NTI 2016 Interview - The Important Role of LTACHs in the Healthcare System


    NTI 2016 Interview - The Important Role of LTACHs in the Healthcare System

    Long-term acute care hospitals (LTAC) often get confused with long-term care and skilled nursing facilities. However, they are acute hospitals with nurses skilled at taking care of highly complex, chronically critically ill patients. The deconditioned ICU patient that is having difficulty weaning off of the vent and requires dialysis or has a complex wound is a patient that will oftentimes go to the LTAC for vent weaning and continued care. LTACs are important in the care continuum, as they provide much-needed ICU bed relief. Currently, the definition from CMS (Medicare) of a patient that qualifies for LTAC is a patient with a 3-day ICU length of stay or 96 hrs on the vent. On the other end, to qualify as an LTAC the average length of stay must be greater than or equal to 25 days.

    This showcases several issues surrounding LTAC patients: what is the definition of chronically critically ill? Does a three day ICU stay automatically label a patient as chronically critically ill? Also, what other patient population is defined by a length of stay instead of the medical issues surrounding the patient and the services that they require?

    The average length of stay (LOS) is 35-36 days. There is no maximum LOS, but patients must be recertified and requalified for this level of care. Case managers and social workers work in interdisciplinary teams to attain the highest level of care.

    When asked what skills she looks for when hiring nurses for the LTAC, Christi answered that she looks for ICU experience or very strong med-surg time. Nurses must be able to transition from one level of care to next. For instance as the patient progresses from an ICU environment to a med-surg level of care to a more stable long term environment.

    As May 2016 graduates are entering the workforce, I asked if new grads be considered? Christi said yes, LTACs do consider new grads. They have had senior nursing students who have been mentored at their facility and then were hired upon graduation. She related this has been a positive experience for both the students and their facility.

    Central lines are an inherent risk for sepsis and with CMS guidelines now in place in the form of the Hospital-Acquired Condition Reduction Program, I asked Christi how her staff works together to reduce central line associated sepsis cases? "Just by the nature of the LTACH, we vigorously work as a team to reduce central line related bloodstream infections. We have a dedicated nurse/team that utilize a bundled approach. This bundled approach is based in recent research that proves that a bundled, standardized approach to central line care markedly reduces hospital-acquired infections.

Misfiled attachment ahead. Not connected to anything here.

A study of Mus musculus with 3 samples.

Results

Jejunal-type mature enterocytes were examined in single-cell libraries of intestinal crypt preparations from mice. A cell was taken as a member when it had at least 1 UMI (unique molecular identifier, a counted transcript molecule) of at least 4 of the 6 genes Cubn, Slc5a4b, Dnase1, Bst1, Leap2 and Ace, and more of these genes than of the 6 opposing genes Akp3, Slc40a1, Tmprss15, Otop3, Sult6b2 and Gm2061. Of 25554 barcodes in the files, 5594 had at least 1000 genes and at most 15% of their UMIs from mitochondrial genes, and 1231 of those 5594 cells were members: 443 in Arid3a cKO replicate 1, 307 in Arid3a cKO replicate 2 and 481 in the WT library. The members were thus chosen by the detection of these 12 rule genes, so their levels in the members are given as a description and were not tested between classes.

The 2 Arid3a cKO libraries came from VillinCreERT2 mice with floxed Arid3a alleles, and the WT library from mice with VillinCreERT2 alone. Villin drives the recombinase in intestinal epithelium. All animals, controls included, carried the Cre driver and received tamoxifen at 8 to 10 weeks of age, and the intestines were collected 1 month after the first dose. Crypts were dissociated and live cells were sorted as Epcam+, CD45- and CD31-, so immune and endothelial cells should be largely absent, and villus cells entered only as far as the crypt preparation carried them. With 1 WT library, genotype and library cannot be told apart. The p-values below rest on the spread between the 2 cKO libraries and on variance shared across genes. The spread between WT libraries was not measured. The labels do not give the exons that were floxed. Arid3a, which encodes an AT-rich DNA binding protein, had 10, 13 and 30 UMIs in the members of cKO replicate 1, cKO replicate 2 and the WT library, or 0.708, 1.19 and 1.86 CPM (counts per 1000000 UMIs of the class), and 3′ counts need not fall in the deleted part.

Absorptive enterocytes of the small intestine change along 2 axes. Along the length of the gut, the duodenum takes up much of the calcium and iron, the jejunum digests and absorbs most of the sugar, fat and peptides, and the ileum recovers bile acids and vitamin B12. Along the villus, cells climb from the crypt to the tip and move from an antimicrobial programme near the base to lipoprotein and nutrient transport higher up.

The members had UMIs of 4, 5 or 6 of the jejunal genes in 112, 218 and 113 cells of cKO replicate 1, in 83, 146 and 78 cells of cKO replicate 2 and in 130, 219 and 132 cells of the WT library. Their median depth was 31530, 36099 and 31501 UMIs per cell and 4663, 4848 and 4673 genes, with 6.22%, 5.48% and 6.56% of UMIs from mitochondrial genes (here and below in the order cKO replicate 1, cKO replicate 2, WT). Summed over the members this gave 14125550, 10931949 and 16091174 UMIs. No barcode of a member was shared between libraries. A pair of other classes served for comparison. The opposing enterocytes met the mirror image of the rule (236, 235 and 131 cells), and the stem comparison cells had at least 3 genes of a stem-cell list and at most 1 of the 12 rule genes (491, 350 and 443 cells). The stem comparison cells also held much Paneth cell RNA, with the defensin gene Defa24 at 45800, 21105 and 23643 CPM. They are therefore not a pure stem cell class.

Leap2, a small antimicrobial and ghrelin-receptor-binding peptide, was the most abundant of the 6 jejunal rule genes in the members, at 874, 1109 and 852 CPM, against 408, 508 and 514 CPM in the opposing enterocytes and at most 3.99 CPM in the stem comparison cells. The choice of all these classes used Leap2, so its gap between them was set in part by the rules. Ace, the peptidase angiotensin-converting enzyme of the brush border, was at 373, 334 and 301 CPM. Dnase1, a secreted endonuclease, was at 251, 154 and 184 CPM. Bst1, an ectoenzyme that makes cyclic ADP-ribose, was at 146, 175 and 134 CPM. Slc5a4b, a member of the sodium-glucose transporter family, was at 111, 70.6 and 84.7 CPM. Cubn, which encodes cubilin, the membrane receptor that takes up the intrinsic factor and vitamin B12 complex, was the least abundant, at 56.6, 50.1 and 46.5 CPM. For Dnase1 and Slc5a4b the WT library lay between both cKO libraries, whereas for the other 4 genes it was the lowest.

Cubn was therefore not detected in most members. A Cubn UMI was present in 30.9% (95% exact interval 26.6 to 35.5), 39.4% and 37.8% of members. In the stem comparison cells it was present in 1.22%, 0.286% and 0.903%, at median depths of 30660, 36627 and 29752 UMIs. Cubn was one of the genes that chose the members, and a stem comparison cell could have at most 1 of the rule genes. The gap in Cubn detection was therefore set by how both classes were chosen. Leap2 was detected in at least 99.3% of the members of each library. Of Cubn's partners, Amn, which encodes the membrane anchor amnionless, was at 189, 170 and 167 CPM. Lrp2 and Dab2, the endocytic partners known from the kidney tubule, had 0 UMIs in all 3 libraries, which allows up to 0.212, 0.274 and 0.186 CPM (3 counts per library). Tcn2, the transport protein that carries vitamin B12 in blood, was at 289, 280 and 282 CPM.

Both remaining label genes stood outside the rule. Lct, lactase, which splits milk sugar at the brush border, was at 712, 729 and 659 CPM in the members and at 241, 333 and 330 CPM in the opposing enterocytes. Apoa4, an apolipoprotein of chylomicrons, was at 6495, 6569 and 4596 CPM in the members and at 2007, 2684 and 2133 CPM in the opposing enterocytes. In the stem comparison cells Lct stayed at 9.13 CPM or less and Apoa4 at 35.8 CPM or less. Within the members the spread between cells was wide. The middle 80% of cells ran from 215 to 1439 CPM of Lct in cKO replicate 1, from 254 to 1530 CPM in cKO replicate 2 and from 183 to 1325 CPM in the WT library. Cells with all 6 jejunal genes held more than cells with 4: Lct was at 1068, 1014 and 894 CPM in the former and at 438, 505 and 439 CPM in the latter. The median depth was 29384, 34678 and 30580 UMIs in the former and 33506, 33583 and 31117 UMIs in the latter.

Core measures of this study include:
    • Central catheter dressings intact and occlusive
    • Date present on dressing
    • Dressings initialed
    • Dressing changed in less than 7 days
    • Daily assessment of dressing site
    • Chlorhexidine dressing in place

    The central line associated infections fell 29% after initiation of this bundled approach to care. Decreasing line infections significantly reduces morbidity and mortality as well as length of stay."

    Finally, I asked Christi what she would like to tell our readers and she wanted to clarify that LTACs are often confused with long term care and that it is important for patients, families and nurses to know the differences.


    Hospital Acquired Condition Reduction Program - CMS guidelines to reduce hospital acquired infections

    Use of Central Catheter Maintenance Bundle in Long Term Acute Hospitals
    Last edit by tnbutterfly on Jun 14, '18
    Thanks for clarifying the difference between LTAC and SNFs. Hopefully employers recognize the skill level of nurses who work in LTACs.
  4. by   sirI
    Thank you for this Article.
  5. by   MionePhoenix
    Thank you for this article. As an LTACH nurse, it's hard to describe exactly what I do. When people hear long term they assume SNF. When people hear vents and trachs they assume ICU. What I do is unique. I may have one patient who is with us due to a complex wound, another who is recently decannulated, and still another trying to fight the vent. These are in addition to a long term patient who is a failure to wean plus one who has recently been withdrawn from life support. I care for them all equally, along with their family members that visit (or don't). It's unlike anything I ever expected after graduating from nursing school, but I wouldn't trade it for anything.
  6. by   lovingtheunloved
    They closed my LTACH this summer. Will always be a favorite job.